Behind the numbers
In last week's Insight we compared credit union deposit growth to the Big 6 banks at a national level. Now let's take a look and see how the numbers break down on a regional basis.
National averages can be misleading because not every region is experiencing the same economic growth. Ontario and BC in particular carry a disproportionate share in both dollar and percentage terms.
This is reflected in the growth rate of chartered bank deposits. For the five-year period 2017-2022 Banks experienced annual deposit growth of almost 9% in both BC and Ontario. Manitoba, Saskatchewan and The Atlantic all grew in the 7.5%-7.9% range, while Alberta trailed at 6.5%.
However, with the exception of Ontario credit unions failed to keep up. While Ontario CUs kept pace with the banks by recording 0.2% higher annual growth, the other regions lagged banks - often dramatically:
The loss of deposit share is particularly concerning in BC, where credit unions have a strong foothold and plenty of room to grow. In the Prairies, the strong market share enjoyed by credit unions will be at risk if the growth gap continues.
The elephant in the room, however, is Ontario. While credit unions have been keeping pace with chartered banks, a 3% share of deposits is tiny. While this figure is somewhat distorted by the large volume of commercial deposits held in Toronto-area bank branches, the opportunity is obvious. This is highlighted by comparing the addressable market in dollar vs percentage terms:
What is the real opportunity in Ontario, and why haven't credit unions been successful in capturing market share? We'll cover Ontario and the Greater Toronto Area in the next Insight.
Behind the numbers
Who is gaining market share in Canadian financial services? Deposits are a good measure to use, as they are consistently reported and by definition are restricted to deposit-taking financial institutions.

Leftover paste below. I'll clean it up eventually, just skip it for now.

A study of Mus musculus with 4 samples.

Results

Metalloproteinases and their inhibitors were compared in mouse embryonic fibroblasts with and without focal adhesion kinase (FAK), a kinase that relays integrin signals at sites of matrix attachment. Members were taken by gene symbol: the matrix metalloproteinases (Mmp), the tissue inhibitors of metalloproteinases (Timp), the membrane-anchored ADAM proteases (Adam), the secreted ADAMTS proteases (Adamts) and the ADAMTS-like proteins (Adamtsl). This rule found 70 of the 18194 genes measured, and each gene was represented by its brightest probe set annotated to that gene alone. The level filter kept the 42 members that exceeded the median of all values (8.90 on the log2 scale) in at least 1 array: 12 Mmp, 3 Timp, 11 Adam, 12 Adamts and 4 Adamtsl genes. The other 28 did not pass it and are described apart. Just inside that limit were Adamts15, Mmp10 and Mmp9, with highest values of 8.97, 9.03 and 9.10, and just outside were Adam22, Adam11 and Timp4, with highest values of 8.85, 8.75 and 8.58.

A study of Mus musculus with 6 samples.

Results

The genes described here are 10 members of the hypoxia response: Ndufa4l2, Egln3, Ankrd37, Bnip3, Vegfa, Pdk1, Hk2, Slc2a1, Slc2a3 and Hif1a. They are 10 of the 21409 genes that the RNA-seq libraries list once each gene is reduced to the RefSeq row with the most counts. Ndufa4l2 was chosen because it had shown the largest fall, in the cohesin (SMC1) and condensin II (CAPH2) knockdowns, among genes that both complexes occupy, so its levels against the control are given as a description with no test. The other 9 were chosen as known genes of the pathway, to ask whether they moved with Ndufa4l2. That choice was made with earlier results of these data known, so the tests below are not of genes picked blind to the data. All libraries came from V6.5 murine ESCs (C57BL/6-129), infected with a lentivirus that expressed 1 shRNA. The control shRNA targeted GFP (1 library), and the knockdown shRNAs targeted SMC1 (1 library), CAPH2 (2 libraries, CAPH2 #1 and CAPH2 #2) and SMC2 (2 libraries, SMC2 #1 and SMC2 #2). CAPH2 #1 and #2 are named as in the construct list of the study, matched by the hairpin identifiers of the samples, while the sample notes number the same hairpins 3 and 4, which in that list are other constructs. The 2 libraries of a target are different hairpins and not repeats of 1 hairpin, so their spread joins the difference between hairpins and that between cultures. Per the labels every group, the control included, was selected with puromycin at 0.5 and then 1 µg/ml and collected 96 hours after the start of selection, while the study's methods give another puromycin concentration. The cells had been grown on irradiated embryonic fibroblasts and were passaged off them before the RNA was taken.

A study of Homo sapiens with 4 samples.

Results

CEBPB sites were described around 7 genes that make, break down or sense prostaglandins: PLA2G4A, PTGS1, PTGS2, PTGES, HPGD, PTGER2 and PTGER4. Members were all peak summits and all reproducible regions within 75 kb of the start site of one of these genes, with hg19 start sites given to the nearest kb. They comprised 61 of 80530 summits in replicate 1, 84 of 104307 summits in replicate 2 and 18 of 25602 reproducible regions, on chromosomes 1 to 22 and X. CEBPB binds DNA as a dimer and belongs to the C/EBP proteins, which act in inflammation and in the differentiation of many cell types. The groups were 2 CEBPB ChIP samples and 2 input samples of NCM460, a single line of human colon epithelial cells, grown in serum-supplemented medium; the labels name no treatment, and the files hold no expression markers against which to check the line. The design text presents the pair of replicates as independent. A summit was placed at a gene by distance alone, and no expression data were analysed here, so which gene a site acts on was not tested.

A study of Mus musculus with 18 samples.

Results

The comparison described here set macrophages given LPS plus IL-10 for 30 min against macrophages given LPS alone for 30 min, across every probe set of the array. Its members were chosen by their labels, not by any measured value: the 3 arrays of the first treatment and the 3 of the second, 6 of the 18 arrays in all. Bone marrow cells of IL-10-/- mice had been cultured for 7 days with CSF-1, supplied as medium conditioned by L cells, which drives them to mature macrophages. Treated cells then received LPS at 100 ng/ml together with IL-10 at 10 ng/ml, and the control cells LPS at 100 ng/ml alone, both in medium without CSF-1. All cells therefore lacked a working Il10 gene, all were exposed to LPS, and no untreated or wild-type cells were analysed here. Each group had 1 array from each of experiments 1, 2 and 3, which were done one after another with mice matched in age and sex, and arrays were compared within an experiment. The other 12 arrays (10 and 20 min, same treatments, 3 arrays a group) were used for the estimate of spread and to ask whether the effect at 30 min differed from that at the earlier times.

Canada's Big 6 banks (TD, RBC, BMO, Scotia, CIBC and National) dominate the market, but their figures include significant international holdings. To understand who is winning the battle for Canadians' deposits, we need to look at just their domestic business.
In the charts below, the Canadian Personal & Commercial business lines of each Big 6 Bank and Desjardins are presented. The definition of P&C varies somewhat between FI, but deposits are deposits. Tier 2 banks (all non-Big 6) and Schedule II banks are based on total deposits reported to OSFI, while credit union total deposits are reported by CCUA.
This isn't a perfect comparison, but the definitions are consistent year over year and allow us to draw meaningful conclusions.
In the period 2017-2022:
When looking at pure market share it is important to recognize the sheer size of the Big 6. While their total deposits comprise over 90% of Canadian FIs, limiting to domestic P&C deposits still results in 70% market share. Cooperative FIs command 17% share, while non-Big 6 banks round out the remaining 13%. This means faster growth by the banks will have an outsized impact on the market, further consolidating their position.
At an individual FI level, the market power of RBC, TD, Scotia and BMO is evident. Each are growing their deposits quickly in both real and percentage terms. CIBC has struggled to grow deposits, which is reflected in their current cash-constrained environment.
Interestingly, credit unions hold the #3 spot in the domestic deposit market. If CUs were to flex their collective muscles and go to market as a unified entity they would exhibit power similar to BMO, Desjardins or CIBC. However, slower CU growth means that they are due to be passed by BMO in 2023.
What's the opportunity?
1. Distribution is key
Credit unions manufacture their own deposit products, which means they have full control over pricing and terms. Generally this results in attractive and highly-competitive retail and commercial products. Credit union CDs, HISAs and similar products are often materially better than Big 6 alternatives. However, CUs are still not gaining market share.
This points to distribution as a key challenge/opportunity. Credit unions must address how to more aggressively grow their deposit base using improved marketing, analytics and collaboration for both retail and commercial members.
2. Work together
When credit unions go to market as a unified entity they wield comparable domestic power to BMO and CIBC. This would allow CUs to more effectively market and distribute their products, particularly at the critical commercial level not currently reached by individual institutions.
A unified approach would also allow credit unions to better serve as BaaS providers for unregulated fintechs to hold their funds.
3. It's not just deposits
This analysis focuses on deposits because they are easy to compare across FIs. The same conclusions are true for lending, wealth and payments. For long-term success, credit unions must get aggressive on reversing their slide in market share.